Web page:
HMRC over taxes pension savers by £1 billion

The amount repaid by HMRC in Q1 2023 is more than double the £22 million repaid in Q1 last year.

Related topics:  Later Life,  Pension
Rozi Jones | Editor, Barcadia Media Limited
26th April 2023

Figures published today by HMRC take the total amount of income tax overcharged by the Government on people withdrawing money from their pensions past the £1 billion mark since the introduction of pension freedoms in 2015.

Under current rules, when an individual first takes money out of their Defined Contribution pension they are often charged at an ‘emergency’ tax rate, with the duty then being on the saver to claim back overpaid tax by filling in one of three forms.

In the latest 'Pension Schemes Newsletter', HMRC say that the latest three months a further 15,856 people successfully claimed back a total of £48.5 million. But adding up all the quarterly figures since 2015 gives a total amount paid back to £1.018 billion.

In addition to money repaid by HMRC to those who fill in a claim form, there will be some savers who didn’t fill in a form and eventually get a tax refund when they fill in their tax return. HMRC does not publish figures for the numbers in this group but this means that the total amount of over taxation is likely to be significantly above the reported figure of £1 billion.

Steve Webb, former pensions minister and partner at LCP, said: “This is an absolute disgrace. A system based on systematic over-taxing of pension savers cannot be right. There is no good reason why citizens who access their pension should have to go through the hassle of claiming back excess taxation which they should never have had to pay in the first place. And we are not talking about small sums, with over £1 billion being paid back by HMRC so far. Reform of the system is long overdue so that it works to the benefit of pension savers and not the Treasury.”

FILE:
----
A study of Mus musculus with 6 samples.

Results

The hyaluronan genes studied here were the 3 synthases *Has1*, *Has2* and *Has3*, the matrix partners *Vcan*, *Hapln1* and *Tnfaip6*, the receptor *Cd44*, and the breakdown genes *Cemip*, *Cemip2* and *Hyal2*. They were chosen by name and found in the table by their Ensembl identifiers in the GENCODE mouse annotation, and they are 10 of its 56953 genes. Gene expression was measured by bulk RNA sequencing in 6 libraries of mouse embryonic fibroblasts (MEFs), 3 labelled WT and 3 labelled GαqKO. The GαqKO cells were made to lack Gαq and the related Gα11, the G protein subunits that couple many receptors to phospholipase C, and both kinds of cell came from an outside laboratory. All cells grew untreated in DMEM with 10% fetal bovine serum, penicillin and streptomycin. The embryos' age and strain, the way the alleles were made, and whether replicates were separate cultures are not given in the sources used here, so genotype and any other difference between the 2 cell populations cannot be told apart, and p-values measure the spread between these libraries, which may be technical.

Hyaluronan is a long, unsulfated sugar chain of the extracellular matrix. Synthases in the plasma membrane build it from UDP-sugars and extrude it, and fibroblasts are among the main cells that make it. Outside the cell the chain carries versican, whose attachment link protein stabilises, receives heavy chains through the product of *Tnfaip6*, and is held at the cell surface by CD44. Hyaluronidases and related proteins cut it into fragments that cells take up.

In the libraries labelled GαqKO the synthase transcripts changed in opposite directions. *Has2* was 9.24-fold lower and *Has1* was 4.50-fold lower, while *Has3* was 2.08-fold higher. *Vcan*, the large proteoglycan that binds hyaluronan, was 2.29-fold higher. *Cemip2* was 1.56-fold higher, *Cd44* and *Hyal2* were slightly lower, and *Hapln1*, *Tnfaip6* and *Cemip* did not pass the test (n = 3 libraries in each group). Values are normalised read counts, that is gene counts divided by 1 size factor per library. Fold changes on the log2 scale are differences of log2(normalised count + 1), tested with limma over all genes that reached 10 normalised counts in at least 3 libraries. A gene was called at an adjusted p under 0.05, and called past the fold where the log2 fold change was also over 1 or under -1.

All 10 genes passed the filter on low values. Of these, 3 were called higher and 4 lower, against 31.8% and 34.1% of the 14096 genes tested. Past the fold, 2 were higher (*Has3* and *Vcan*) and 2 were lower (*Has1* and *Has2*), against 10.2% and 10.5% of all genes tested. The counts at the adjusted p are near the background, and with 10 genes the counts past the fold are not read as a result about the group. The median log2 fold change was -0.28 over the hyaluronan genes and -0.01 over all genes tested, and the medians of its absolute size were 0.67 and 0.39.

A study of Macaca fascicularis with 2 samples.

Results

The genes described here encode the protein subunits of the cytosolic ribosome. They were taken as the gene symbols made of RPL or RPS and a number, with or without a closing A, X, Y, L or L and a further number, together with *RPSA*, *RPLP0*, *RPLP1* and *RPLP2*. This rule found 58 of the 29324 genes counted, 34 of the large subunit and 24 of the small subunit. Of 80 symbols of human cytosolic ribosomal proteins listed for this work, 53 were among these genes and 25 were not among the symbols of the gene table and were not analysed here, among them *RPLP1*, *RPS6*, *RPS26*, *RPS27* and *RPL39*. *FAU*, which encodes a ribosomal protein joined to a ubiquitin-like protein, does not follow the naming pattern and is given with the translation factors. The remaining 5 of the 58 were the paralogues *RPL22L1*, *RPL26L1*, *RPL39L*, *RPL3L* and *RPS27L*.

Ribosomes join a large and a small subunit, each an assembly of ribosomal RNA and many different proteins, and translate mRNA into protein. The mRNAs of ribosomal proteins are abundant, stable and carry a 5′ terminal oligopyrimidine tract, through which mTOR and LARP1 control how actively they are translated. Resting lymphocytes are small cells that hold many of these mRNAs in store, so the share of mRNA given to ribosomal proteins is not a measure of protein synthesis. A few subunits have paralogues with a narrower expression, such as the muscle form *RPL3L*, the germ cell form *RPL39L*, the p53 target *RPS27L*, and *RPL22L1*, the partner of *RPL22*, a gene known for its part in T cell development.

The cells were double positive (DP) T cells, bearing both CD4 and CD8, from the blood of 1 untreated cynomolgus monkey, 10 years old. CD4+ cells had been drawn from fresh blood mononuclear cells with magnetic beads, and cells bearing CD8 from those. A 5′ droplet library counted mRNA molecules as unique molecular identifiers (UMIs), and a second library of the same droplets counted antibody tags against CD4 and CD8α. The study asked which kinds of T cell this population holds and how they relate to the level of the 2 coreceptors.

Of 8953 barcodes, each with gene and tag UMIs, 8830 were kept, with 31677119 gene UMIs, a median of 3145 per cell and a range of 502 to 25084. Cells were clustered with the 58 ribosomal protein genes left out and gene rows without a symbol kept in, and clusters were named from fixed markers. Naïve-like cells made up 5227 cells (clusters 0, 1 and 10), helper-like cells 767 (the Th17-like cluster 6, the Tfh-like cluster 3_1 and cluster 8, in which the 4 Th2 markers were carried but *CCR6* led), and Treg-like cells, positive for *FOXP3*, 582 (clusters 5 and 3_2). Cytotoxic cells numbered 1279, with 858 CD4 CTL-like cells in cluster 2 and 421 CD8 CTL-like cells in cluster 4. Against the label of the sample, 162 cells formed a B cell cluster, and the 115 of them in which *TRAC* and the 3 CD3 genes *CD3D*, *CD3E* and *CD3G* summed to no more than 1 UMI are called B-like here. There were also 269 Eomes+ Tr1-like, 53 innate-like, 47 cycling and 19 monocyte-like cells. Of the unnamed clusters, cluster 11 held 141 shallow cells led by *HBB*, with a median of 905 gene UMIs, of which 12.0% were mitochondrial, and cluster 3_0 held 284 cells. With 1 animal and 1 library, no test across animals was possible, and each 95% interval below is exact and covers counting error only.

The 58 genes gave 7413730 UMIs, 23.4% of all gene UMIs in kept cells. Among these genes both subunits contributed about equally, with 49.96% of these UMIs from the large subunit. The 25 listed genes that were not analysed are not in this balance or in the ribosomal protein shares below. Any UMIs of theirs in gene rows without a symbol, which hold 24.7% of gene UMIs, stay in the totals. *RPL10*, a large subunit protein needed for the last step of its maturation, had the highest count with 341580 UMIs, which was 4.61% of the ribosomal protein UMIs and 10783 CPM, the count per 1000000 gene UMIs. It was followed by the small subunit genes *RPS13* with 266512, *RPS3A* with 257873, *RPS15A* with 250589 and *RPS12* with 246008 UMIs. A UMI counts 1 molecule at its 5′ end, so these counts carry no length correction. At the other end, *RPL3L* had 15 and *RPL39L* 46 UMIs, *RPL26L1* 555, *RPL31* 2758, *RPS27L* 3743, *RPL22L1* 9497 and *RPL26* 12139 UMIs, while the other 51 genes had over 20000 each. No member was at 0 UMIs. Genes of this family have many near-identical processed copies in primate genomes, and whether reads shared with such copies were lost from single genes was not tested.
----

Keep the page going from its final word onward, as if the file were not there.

Andrew Tully, technical director at Canada Life, commented: “The latest HMRC numbers just show how complex the tax position around pension withdrawals is. Eight years on from the introduction of the pension freedoms there must be a better way to administer the tax position around flexible pension withdrawals which would mean HMRC is not processing refunds to the tune of £1bn.

“A good tip for those customers making a pension withdrawal for the first time, is to initiate a small withdrawal of say £100. That will generate a tax code from HMRC which the pension provider will apply to any subsequent withdrawals. That will result in the tax being taken at source being far more accurate in many more cases, not only reducing the burden of paperwork but equally importantly the customer receiving a more accurate withdrawal in the first place.”

Jon Greer, head of retirement policy at Quilter, added: "Fresh data from HMRC shows that pension tax overpayment refunds continue to be sky high as we move through the first quarter of 2023 reaching £48,550,827.

"This is more than double the £22 million repaid in Q1 last year. This huge increase in the number of claim forms processed demonstrates the continued necessity for people to access their pension funds amidst the intensifying cost-of-living crisis impacting day-to-day financial situations. Unfortunately, this system leads to prolonged waiting periods for people to receive their full expected amount at a time when they need it more than ever.

"The ongoing cost-of-living crisis is exerting significant pressure on personal finances, and it is likely that more people will need to access their pension savings in the coming months to make ends meet.

"For Q1, the average tax refund per saver was £3,062. This problem stems from a peculiarity in the PAYE system when individuals begin withdrawing money from their pension as they are not taxed using the correct tax code. It’s also worth bearing in mind that these stats don’t show the number of people who don’t make an in year reclaim; thus waiting for an automatic repayment after the end of the tax year in question. The issue is therefore much bigger than reported in these statistics.

"For anyone looking to access their pension flexibly, it may be worth consulting a professional financial adviser who can help reduce the risk of paying excessive upfront taxes. For instance, by making multiple smaller pension withdrawals rather than a single lump sum. This can ensure that most of the withdrawal utilises an updated tax code, preventing emergency taxation on the full amount.

"This system clearly needs a rethink as these ever increasing figures do not point to a process that is working well."